Texan seeks DNA tests on eve of execution for murder
WASHINGTON: A convict in Texas is facing execution today unless the US Supreme Court and the state's governor accept his last-minute appeal for DNA testing that he says will show his innocence.
Henry "Hank" Skinner, 47, has pleaded unsuccessfully in the past for authorities to redo DNA tests which he says will show he did not commit the New Year's Eve 1993 murder of his girlfriend and her two sons in his home.
He was sentenced to death after a jury trial in 1995, but he contends that additional DNA testing on items that were not examined during his trial would show his innocence.
On Sunday, the Texas Board of Pardon and Paroles rejected Skinner's request, leaving his fate in the hands of the US Supreme Court and Texas Governor Rick Perry.
"I can't think of any good reason why you would refuse to do DNA testing in a case where there is other strong evidence pointing to innocence," Skinner's attorney Rob Owen told AFP.
"If I were a prosecutor I wouldn't want to put someone to death before I was absolutely sure -- and in this case, the DNA testing is what we need to be sure." He said his client remains optimistic and confident that his request might be granted, even as the hours ticked down to his execution.
Skinner, who is married to a French anti-death penalty campaigner, has proclaimed his innocence since his arrest.
Ten years ago he attracted the support of David Protess, a journalism professor at Northwestern University, who re-examined the case with his students.
Their conclusion, based on comparisons of Skinner's DNA and that found on his victims, was that Skinner is innocent.
Some DNA evidence was presented during Skinner's trial to ascertain that he had been present in his home in the Texas Panhandle town of Pampa when the murders were committed -- a point that the defence never contested.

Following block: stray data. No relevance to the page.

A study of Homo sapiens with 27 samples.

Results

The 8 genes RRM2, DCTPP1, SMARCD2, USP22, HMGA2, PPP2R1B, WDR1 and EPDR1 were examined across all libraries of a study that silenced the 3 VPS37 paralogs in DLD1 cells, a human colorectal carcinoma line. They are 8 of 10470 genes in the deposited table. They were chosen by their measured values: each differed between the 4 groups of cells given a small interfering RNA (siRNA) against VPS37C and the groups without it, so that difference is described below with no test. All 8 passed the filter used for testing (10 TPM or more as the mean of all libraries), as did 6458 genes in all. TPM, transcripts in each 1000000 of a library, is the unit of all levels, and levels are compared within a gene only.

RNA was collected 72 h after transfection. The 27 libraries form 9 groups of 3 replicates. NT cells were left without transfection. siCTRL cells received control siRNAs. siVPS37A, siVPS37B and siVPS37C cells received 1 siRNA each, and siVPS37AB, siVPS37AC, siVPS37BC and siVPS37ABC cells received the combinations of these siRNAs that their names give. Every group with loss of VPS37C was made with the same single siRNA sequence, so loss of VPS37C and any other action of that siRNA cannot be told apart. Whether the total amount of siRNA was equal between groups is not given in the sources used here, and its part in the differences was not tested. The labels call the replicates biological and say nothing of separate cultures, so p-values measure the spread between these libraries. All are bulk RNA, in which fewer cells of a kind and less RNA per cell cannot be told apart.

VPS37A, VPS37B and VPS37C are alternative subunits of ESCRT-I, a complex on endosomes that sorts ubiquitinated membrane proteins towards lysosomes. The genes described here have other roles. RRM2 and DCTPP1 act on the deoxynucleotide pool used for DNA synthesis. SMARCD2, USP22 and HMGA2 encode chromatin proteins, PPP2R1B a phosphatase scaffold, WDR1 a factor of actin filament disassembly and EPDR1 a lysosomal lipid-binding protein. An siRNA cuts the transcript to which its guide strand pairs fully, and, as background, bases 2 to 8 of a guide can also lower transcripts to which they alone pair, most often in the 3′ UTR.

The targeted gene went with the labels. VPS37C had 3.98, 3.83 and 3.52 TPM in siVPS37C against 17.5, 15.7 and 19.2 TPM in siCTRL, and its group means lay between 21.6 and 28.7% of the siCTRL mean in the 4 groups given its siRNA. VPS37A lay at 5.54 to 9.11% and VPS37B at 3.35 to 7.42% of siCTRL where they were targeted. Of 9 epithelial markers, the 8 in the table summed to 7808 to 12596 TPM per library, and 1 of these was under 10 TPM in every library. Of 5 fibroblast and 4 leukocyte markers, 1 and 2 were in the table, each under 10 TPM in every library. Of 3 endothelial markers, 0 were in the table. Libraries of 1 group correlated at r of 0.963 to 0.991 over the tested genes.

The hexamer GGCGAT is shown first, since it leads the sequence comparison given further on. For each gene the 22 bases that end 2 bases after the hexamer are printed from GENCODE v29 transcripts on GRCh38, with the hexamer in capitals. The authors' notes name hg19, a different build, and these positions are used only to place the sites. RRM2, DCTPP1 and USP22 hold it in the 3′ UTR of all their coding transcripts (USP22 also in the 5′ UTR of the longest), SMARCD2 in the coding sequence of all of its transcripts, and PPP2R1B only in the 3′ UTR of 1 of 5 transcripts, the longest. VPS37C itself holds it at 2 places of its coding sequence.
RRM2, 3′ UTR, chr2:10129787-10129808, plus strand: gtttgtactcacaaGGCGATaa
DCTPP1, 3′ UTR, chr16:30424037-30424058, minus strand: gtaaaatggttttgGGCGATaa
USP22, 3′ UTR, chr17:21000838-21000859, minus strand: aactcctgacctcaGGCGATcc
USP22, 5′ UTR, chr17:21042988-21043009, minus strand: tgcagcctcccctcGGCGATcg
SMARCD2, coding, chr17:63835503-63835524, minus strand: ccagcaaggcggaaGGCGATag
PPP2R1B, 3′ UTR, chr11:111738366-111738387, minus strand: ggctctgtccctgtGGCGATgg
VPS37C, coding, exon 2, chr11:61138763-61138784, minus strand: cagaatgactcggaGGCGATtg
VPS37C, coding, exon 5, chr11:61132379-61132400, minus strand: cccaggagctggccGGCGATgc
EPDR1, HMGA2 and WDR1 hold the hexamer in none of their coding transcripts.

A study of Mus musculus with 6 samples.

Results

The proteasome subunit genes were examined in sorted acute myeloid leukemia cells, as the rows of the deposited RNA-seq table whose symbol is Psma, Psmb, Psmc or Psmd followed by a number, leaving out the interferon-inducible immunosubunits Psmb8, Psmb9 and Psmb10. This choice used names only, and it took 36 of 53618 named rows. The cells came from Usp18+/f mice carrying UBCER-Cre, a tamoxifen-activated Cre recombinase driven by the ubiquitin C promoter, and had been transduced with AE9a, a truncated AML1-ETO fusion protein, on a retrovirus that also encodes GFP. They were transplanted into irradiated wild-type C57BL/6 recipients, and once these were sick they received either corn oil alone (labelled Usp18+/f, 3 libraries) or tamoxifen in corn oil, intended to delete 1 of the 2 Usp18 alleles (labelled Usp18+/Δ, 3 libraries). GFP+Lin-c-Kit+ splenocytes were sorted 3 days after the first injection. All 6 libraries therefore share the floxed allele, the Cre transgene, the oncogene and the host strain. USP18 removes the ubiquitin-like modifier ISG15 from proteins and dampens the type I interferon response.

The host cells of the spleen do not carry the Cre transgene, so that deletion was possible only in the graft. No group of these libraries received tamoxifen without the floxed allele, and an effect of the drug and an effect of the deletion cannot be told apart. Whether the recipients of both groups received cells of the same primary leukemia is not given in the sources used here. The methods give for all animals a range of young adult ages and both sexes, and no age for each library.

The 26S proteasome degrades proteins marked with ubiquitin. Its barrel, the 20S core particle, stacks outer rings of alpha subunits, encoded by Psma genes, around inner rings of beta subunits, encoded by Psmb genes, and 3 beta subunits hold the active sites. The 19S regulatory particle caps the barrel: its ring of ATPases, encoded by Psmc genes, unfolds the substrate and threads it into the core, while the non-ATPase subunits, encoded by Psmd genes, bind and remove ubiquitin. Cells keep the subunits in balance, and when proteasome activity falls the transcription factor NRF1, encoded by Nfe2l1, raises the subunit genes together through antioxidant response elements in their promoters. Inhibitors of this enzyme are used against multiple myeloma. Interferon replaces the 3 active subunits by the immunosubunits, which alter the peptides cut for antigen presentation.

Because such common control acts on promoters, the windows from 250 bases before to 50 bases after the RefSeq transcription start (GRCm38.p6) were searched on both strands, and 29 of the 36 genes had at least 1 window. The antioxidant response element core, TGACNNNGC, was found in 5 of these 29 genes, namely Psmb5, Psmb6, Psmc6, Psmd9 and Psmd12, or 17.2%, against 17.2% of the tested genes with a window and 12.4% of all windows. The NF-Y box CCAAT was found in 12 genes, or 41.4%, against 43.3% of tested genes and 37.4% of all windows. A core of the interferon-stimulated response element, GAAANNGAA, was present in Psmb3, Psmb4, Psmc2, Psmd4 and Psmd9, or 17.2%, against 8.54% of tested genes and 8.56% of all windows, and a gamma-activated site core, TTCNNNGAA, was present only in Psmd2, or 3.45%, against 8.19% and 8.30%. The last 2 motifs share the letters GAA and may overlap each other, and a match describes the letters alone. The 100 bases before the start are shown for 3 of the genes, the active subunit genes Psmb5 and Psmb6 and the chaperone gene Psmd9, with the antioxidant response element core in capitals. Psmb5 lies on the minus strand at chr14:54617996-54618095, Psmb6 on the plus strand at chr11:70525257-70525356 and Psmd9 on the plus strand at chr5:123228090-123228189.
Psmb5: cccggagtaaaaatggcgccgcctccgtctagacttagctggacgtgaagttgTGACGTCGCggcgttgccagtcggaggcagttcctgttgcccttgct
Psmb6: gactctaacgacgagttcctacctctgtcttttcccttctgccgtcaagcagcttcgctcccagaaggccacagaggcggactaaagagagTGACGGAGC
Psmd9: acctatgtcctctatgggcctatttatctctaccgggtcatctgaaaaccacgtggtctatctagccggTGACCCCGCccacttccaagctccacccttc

However, blood tests after his arrest established that Skinner was under the influence of anti-anxiety medication, painkillers and alcohol at the time of the murders.
He thus would have been physically unable to commit the murders, in which girlfriend Twila Jean Busby, 40, was fatally beaten with an axe handle and her two sons aged 20 and 22 stabbed to death, his defence team argues.
"There was no confession... no eyewitness to the crime, no apparent motive, no pattern of violence by Mr Skinner," Protess wrote in a letter to the Texas Board of Pardon and Paroles. The journalism professor also noted that Skinner's alleged victim had complained on the night of the murder of being harassed by her uncle, who was not questioned during the investigation into her murder.
Skinner's request comes after the Supreme Court justices ruled last year, by a vote of five to four, that there is no constitutional right to DNA testing after a trial is over.
Owen argues that his client's case is different from the one the Supreme Court examined last year. He also cites as a cautionary tale the 2004 execution of Todd Willingham.
Willingham was executed by lethal injection, but since then serious questions have been raised about the reliability of the evidence presented against him.